August 11, 1996|STEVE SPRINGER | TIMES STAFF WRITER

CINCINNATI — This is where it all began for Todd Hollandsworth, who was born in nearby Dayton 23 years ago.

And this is where it has begun again for the Dodger outfielder, whose career has been reborn at Riverfront Stadium as a leadoff batter.

Manager Bill Russell, desperate to find someone to fill the void left by the loss of Brett Butler, moved Hollandsworth, a rookie, up from the sixth slot to the top spot in the batting order for the start of a four-game series against the Cincinnati Reds.

Russell's only concern was that Hollandsworth not lose his aggressiveness at the plate in his new role.

Not to worry.

The left-handed batter had three hits Saturday, including a two-run homer, in a 7-5 Dodger victory in front of 33,830.

That gave Hollandsworth five hits in his 10 at-bats in two games as the leadoff batter. And four of those hits have been for extra bases--two homers and two doubles.

"It's kind of given me some life," said Hollandsworth, whose average has risen to .295. He is the seventh player the Dodgers have tried in the leadoff spot this season.

It also has helped give some life to a Dodger offense too often stuck in neutral.

Hollandsworth's sixth-inning homer, which landed in the second deck in right field, avoided what could have been a crushing defeat for a Dodger club that, at 60-56, is trying to stay afloat in the National League West, where it trails the San Diego Padres and Colorado Rockies.

When Hollandsworth hit his homer, it didn't seem like much more than a way to pad out his numbers and perhaps get a few more people to consider his name when running over the list of rookie-of-the-year candidates.

After all, that home run gave the Dodgers a comfortable 7-0 lead behind starter Hideo Nomo, who had not given up a hit through five innings.

Taking advantage of a first-inning error by Cincinnati third baseman Lenny Harris, the Dodgers had scored four unearned runs, Eric Karros and Delino DeShields getting RBI singles and Greg Gagne driving in the other two runs with a bases-loaded single.

Mike Piazza knocked in Hollandsworth with a sacrifice fly to make it 5-0 in the second.

But all was not well with Nomo, despite his flirtation with a no-hitter. The Dodger right-hander, who had walked 56 batters in 156 2/3 innings coming into the game, could not seem to find the plate with any consistency Saturday, walking five batters through the first five innings.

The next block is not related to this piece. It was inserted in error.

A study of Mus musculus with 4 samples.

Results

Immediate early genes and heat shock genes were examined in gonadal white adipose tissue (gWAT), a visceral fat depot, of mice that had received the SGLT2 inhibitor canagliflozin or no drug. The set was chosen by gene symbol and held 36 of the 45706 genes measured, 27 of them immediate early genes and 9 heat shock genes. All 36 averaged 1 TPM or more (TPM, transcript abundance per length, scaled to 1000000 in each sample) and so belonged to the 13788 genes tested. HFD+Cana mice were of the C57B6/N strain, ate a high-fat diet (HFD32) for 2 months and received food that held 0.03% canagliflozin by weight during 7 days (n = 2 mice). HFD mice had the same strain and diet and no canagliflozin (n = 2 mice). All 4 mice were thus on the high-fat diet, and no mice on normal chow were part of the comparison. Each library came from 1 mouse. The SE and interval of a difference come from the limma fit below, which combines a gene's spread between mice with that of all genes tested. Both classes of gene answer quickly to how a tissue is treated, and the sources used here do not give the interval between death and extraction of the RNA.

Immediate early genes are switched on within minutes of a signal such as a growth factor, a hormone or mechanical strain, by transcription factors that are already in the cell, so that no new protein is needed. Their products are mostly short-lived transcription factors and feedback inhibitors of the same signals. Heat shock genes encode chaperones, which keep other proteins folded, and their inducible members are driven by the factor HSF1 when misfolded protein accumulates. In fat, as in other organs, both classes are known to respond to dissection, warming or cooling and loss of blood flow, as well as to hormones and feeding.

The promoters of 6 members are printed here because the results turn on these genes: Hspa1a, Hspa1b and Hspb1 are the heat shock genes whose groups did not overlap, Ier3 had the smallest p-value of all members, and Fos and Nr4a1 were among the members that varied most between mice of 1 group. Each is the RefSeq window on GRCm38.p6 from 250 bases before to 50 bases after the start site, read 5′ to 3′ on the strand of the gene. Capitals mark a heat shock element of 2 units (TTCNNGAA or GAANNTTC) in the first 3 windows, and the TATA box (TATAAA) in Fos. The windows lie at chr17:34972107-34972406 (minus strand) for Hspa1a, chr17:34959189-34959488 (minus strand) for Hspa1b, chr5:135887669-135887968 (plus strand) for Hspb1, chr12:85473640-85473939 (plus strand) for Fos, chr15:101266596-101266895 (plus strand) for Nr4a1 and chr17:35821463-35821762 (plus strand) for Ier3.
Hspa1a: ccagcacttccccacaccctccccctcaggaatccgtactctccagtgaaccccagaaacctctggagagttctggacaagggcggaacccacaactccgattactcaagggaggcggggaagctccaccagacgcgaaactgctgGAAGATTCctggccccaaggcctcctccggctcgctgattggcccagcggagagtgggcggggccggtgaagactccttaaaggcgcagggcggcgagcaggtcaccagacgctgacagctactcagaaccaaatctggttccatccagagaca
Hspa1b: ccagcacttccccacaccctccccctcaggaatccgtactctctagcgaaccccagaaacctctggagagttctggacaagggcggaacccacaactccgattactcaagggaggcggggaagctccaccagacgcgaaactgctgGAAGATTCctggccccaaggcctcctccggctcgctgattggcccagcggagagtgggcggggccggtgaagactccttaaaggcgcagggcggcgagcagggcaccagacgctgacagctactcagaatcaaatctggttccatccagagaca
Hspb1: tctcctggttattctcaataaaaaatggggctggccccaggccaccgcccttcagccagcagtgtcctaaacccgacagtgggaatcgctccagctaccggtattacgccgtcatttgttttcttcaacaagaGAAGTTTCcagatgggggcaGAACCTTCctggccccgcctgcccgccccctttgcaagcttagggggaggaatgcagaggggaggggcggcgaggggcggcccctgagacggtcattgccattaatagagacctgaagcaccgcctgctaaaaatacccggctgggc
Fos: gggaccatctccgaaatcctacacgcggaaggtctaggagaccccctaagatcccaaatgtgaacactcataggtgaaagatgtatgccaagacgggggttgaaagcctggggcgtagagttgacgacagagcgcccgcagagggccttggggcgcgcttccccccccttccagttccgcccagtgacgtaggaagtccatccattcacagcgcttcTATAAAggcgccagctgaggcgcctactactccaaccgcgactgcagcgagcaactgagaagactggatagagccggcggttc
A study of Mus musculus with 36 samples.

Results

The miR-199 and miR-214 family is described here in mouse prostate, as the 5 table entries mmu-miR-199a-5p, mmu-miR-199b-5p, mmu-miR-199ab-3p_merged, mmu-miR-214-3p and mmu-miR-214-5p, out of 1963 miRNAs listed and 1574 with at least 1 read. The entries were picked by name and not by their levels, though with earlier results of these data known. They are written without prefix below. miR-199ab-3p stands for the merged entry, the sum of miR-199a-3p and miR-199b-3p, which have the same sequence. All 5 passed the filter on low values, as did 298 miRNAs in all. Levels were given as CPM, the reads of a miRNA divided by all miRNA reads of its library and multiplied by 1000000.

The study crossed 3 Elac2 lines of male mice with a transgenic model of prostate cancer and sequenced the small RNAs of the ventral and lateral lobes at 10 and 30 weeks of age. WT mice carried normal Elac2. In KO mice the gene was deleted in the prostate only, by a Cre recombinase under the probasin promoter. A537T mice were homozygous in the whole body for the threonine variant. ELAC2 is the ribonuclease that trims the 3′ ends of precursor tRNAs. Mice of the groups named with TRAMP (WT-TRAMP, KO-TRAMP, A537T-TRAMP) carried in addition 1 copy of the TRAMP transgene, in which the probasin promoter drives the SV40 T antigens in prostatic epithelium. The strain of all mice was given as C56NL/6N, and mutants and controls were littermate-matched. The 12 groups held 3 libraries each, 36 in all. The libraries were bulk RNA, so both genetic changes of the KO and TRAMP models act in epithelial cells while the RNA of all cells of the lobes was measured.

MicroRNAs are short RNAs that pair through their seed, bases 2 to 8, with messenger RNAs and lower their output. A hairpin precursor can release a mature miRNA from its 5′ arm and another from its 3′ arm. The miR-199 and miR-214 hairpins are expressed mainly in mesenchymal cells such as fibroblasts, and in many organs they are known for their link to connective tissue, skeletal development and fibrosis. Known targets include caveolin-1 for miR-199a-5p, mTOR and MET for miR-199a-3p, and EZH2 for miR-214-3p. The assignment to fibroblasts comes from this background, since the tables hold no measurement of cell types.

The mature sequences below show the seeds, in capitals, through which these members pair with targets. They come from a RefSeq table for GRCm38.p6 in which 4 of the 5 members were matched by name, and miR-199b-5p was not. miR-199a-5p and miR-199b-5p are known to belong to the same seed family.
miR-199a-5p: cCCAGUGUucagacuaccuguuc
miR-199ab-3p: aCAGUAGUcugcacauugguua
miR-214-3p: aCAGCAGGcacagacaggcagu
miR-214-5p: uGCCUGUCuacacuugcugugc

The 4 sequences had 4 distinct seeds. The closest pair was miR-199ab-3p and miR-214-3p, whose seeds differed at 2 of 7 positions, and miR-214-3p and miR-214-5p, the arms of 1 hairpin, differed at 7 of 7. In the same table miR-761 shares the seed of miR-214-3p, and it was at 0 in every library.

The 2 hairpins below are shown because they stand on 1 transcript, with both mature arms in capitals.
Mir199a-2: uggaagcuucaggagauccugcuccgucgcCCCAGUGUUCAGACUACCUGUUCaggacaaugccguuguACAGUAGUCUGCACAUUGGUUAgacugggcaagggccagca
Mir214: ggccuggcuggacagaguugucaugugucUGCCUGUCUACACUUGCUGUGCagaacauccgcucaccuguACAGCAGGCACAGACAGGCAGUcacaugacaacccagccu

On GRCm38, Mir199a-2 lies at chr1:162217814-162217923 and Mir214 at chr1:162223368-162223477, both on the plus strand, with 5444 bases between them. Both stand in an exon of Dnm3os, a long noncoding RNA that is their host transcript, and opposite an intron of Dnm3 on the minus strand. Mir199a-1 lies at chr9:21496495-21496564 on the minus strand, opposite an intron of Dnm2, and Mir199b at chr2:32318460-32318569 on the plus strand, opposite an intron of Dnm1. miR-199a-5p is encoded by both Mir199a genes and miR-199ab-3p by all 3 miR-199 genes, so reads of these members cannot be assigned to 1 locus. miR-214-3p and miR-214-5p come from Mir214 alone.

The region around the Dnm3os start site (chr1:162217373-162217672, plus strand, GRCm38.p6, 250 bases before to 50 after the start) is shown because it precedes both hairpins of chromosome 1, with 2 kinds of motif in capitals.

His troubles worsened in the sixth. He walked Harris to lead off the inning, then surrendered his first hit, a double, to Hal Morris. Then came another walk, Nomo's seventh, putting Barry Larkin on to load the bases.

Kevin Mitchell brought Cincinnati's first run home with a sacrifice fly, and Eric Davis followed by hitting the ball into the seats in right-center field to cut the margin to 7-4. It was Davis' 20th home run.

When he gave up a two-out single to Bret Boone, Nomo was gone, but he still managed to get the victory, improving his record to 11-9.

Starter Dave Burba (6-11) took the loss for the Reds, who dropped back to .500 at 56-56.

Asked about his control problems, Nomo could not offer an explanation.

While his struggles ended when he came out, the Dodgers' did not.

Mitchell singled in the Reds' fifth run in the seventh inning and Cincinnati loaded the bases with Mark Guthrie facing Reggie Sanders. Sanders hit a line drive at Juan Castro at second to end the threat.

The Dodgers brought in closer Todd Worrell in the ninth, but, like Nomo, he had control problems.

With two out, he hit Larkin with a pitch and walked Mitchell and Davis. Sanders again came up with the bases full.

He worked Worrell to a 2-2 count, then took a called third strike.

"Nothing is easy," a relieved Russell said when the game had finally ended.

True enough for the Dodgers, but, if Hollandsworth can continue to fill his new role, it could get easier.